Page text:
Weight Fluctuation: Why 5 Pounds May Not Be A Big Deal




If you live with diabetes, you know that juggling medications, diet and exercise is crucial for good management, including maintaining a healthy weight. Among the diabetes community, people with type 2 diabetes tend to face the most judgment for their weight, which is unwarranted and bred from common misconceptions.

Unfortunately, judgment usually comes from all sides: doctors, peers, colleagues, friends and even family. Facing so much judgment can lead people with type 2 diabetes to hyperfocus on their weight, which can be toxic to physical and mental well-being. 

But losing or gaining five pounds may not be a big deal! Remember to ask yourself these questions if you’re worried about what the scale says lately.

Are weight fluctuations normal?

It is normal for your weight to fluctuate throughout the day, most notably from morning to night. Going up or down between 2-5 pounds is standard for most people, but everyone’s normal weight fluctuations can differ. Your body may fluctuate on a broader scale than what’s considered typical. That’s okay—just be aware of what your normal is.

Your body’s weight will naturally change, and one data point—either up or down—does not mean you’re definitively gaining or losing weight. Also, gaining or losing minimal weight will not affect your blood sugar levels or health.

Call your doctor to rule out any underlying health issues if you’re gaining and losing ten pounds more routinely and haven’t made significant lifestyle changes. 

Why does my weight fluctuate?

Weight can fluctuate for several reasons. Some of these include:

5 pounds is nothing to stress over

The body temporarily gaining and losing 5 pounds over a week is a natural part of being human. 

Your blood sugars will not suffer as a result, and you won’t experience increased insulin resistance or adverse health consequences from the swing of a few pounds. Obsessing over daily weight fluctuations can be harmful to your mental health.

It is also helpful to remember that sometimes weight gain is necessary to improve your health—you may be underweight or lose weight by maintaining dangerously high blood sugars. Especially in scenarios like this, putting on weight is a sign of good health. 

If you or a loved one are experiencing any form of disordered eating, contact your doctor and loved ones for support. If you are not getting the support you need from them, hotlines like Alsana can help.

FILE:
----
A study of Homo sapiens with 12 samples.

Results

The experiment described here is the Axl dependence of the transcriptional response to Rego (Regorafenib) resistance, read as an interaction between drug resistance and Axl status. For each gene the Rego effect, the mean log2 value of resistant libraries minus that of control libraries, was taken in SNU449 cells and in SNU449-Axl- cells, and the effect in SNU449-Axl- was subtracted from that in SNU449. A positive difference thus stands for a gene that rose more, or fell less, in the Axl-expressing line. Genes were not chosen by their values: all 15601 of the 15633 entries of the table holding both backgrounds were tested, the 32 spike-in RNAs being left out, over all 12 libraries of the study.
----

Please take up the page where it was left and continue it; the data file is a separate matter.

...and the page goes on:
What to focus on instead of weight

Avoiding the scale altogether can actually be more productive for people with diabetes than looking at it daily. This is true of anyone who’s experienced self-consciousness around their weight. 

Many factors, essential to remember when living with diabetes, influence overall health. Living a lifestyle that includes daily movement and healthy eating, drinking plenty of water, taking all your medications as prescribed and managing your blood sugar levels will ensure that your weight will land within a natural, healthy range. 

If you’d like to pay attention to your weight without the thought of it becoming toxic, striving for an ideal weight range is typically more effective than aiming for an ideal (stagnant) weight.  Bodies change over time, and you may naturally weigh more on some days. 

Aiming to stay within a weight range can be a lighter mental load than pinpointing a weight you want to achieve. Total health is so much more than weight, and what is healthy for one person looks different for another. Health comes in ALL shapes and sizes, and your health is not synonymous with your weight alone.

Editor’s Note: This content was made possible with support from Lilly, an active partner of Beyond Type 2 at the time of publication.

WRITTEN BY Christine Fallabel, POSTED 03/29/23, UPDATED 03/29/23

Christine Fallabel has been living with type 1 diabetes since 2000. She’s a health and science writer and has been featured in Diabetes Daily Grind, Insulin Nation, Diabetics Doing Things, and is a regular contributor to Diabetes Strong, T1D Exchange, and Healthline. She earned her Master of Public Health from Temple University and received her Bachelor of Arts from The University of Delaware. In her spare time, she enjoys hiking with her husband in the mountains of Colorado, tinkering with her DIY Loop insulin pump, drinking strong coffee and reading in front of a cozy fire.